Preface Introduction The concepts of One Identity Safeguard for Privileged Sessions (SPS)
The philosophy of One Identity Safeguard for Privileged Sessions (SPS) Policies Credential Stores Plugin framework Indexing Supported protocols and client applications Modes of operation Connecting to a server through One Identity Safeguard for Privileged Sessions (SPS) Archive and backup concepts Maximizing the scope of auditing IPv6 in One Identity Safeguard for Privileged Sessions (SPS) SSH host keys Authenticating clients using public-key authentication in SSH The gateway authentication process Four-eyes authorization Network interfaces High Availability support in One Identity Safeguard for Privileged Sessions (SPS) Versions and releases of One Identity Safeguard for Privileged Sessions (SPS) Accessing and configuring One Identity Safeguard for Privileged Sessions (SPS)
The Welcome Wizard and the first login Basic settings
Supported web browsers and operating systems The structure of the web interface Network settings Configuring date and time System logging, SNMP and e-mail alerts Configuring system monitoring on SPS Data and configuration backups Archiving and cleanup Using plugins Forwarding data to third-party systems Joining to One Identity Starling
User management and access control Managing One Identity Safeguard for Privileged Sessions (SPS)
Controlling One Identity Safeguard for Privileged Sessions (SPS): reboot, shutdown Managing Safeguard for Privileged Sessions (SPS) clusters Managing a High Availability One Identity Safeguard for Privileged Sessions (SPS) cluster Upgrading One Identity Safeguard for Privileged Sessions (SPS) Managing the One Identity Safeguard for Privileged Sessions (SPS) license Accessing the One Identity Safeguard for Privileged Sessions (SPS) console Sealed mode Out-of-band management of One Identity Safeguard for Privileged Sessions (SPS) Managing the certificates used on One Identity Safeguard for Privileged Sessions (SPS)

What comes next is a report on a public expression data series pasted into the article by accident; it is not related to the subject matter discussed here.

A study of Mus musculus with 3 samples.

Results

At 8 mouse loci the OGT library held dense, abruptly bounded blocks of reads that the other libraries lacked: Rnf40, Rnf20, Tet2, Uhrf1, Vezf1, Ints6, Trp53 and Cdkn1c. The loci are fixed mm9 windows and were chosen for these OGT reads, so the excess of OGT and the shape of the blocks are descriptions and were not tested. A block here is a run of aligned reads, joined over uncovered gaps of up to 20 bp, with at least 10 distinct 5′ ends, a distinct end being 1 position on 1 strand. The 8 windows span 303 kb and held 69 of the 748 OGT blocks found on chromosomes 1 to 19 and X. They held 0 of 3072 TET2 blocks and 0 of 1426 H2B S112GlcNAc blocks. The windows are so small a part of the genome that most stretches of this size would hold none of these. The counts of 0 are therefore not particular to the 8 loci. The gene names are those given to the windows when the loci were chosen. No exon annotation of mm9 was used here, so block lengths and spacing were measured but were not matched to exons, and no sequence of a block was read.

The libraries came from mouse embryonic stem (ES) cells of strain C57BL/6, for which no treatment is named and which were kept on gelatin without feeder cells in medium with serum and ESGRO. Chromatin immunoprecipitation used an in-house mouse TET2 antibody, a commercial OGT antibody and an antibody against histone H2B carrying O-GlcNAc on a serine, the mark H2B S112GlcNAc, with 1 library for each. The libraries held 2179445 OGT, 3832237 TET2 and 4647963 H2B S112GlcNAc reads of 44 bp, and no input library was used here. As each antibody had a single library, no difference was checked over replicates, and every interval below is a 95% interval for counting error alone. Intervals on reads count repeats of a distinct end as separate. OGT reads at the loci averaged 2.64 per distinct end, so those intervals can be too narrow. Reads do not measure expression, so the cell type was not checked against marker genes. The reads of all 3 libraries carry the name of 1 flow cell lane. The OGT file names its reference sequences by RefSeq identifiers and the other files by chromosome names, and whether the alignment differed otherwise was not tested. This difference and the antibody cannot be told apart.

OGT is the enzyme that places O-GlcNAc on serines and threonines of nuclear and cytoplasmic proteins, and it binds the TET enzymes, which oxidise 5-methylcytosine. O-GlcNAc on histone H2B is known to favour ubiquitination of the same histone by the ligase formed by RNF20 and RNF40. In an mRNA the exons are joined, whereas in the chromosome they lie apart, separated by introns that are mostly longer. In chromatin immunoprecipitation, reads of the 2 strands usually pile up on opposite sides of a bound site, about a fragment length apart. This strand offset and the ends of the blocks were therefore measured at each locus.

General connection settings HTTP-specific settings ICA-specific settings MSSQL-specific settings RDP-specific settings SSH-specific settings Telnet-specific settings VMware Horizon View connections VNC-specific settings Indexing audit trails Using the Search interface Advanced authentication and authorization techniques Reports The One Identity Safeguard for Privileged Sessions (SPS) RPC API The One Identity Safeguard for Privileged Sessions (SPS) REST API One Identity Safeguard for Privileged Sessions (SPS) scenarios Troubleshooting One Identity Safeguard for Privileged Sessions (SPS) Using SPS with SPP Configuring external devices Using SCP with agent-forwarding Security checklist for configuring One Identity Safeguard for Privileged Sessions (SPS) Jumplists for in-product help Configuring SPS to use an LDAP backend Glossary

Remote Desktop Protocol (RDP)

Supported Windows client applications

The built-in applications of the Windows 8.1, Windows Server 2012, Windows Server 2012 R2, Windows Server 2016, Windows Server 2019, and Windows 10 platforms.

Supported Mac OS X client applications

The Royal TSX client application, tested with Royal TSX 4.2.1 on Mac OS X Mojave.

Supported server (target) applications

The built-in applications of Windows Server 2012, Windows Server 2012 R2, Windows Server 2016, Windows Server 2019, and Windows 10 platforms.

Accessing Remote Desktop Services (RemoteApp programs) is also supported.

NOTE:

Other Remote Desktop clients are not explicitly supported, but may be compatible with One Identity Safeguard for Privileged Sessions (SPS). When using an alternative client application, note the following limitations:

  • The rdesktop application and other client applications (for example, JAVA clients) that build on the rdesktop codebase do not support RDP shadowing and Remote Desktop Gateway connections.

  • The Remote Desktop Connection Client for Mac application does not support RDP shadowing.

Secure Shell Protocol (SSH)

One Identity Safeguard for Privileged Sessions (SPS) supports only the SSHv2 protocol. The older and insecure v1 version is not supported.

Supported client and server applications
  • OpenSSH (client and server)

    Client and server tested with a weekly build of the latest available version.

  • OpenSSH (client and server)

    Client and server tested with version OpenSSH_7.1p2 and OpenSSL 1.0.2f-fips 28 Jan 2016.

  • Dropbear (client and server)

    Tested with version 2015.67.

  • SecureCRT (Windows, client)

    Tested with version 8.5

  • PUTTY (client)

    Tested with version 0.65.

Telnet

Telnet traffic must conform to RFC 854 and to various extensions described in the following RFCs: 856-861, 652-658, 698, 726-27, 732-736, 749, 779, 885, 927, 933, 1041, 1043, 1053, 1073, 1079, 1091, 1096-97, 1184, 1372, 1408, 1572, 2066, 2217, 2840, 2941, 2946.

TN3270

Telnet 3270 terminal protocol.

TN5250

Telnet 5250 terminal protocol, as described in RFC2877.

VMware Horizon View

VMware Horizon View Clients using the Remote Desktop (RDP) display protocol to access remote servers are supported. For details, see VMware Horizon View connections.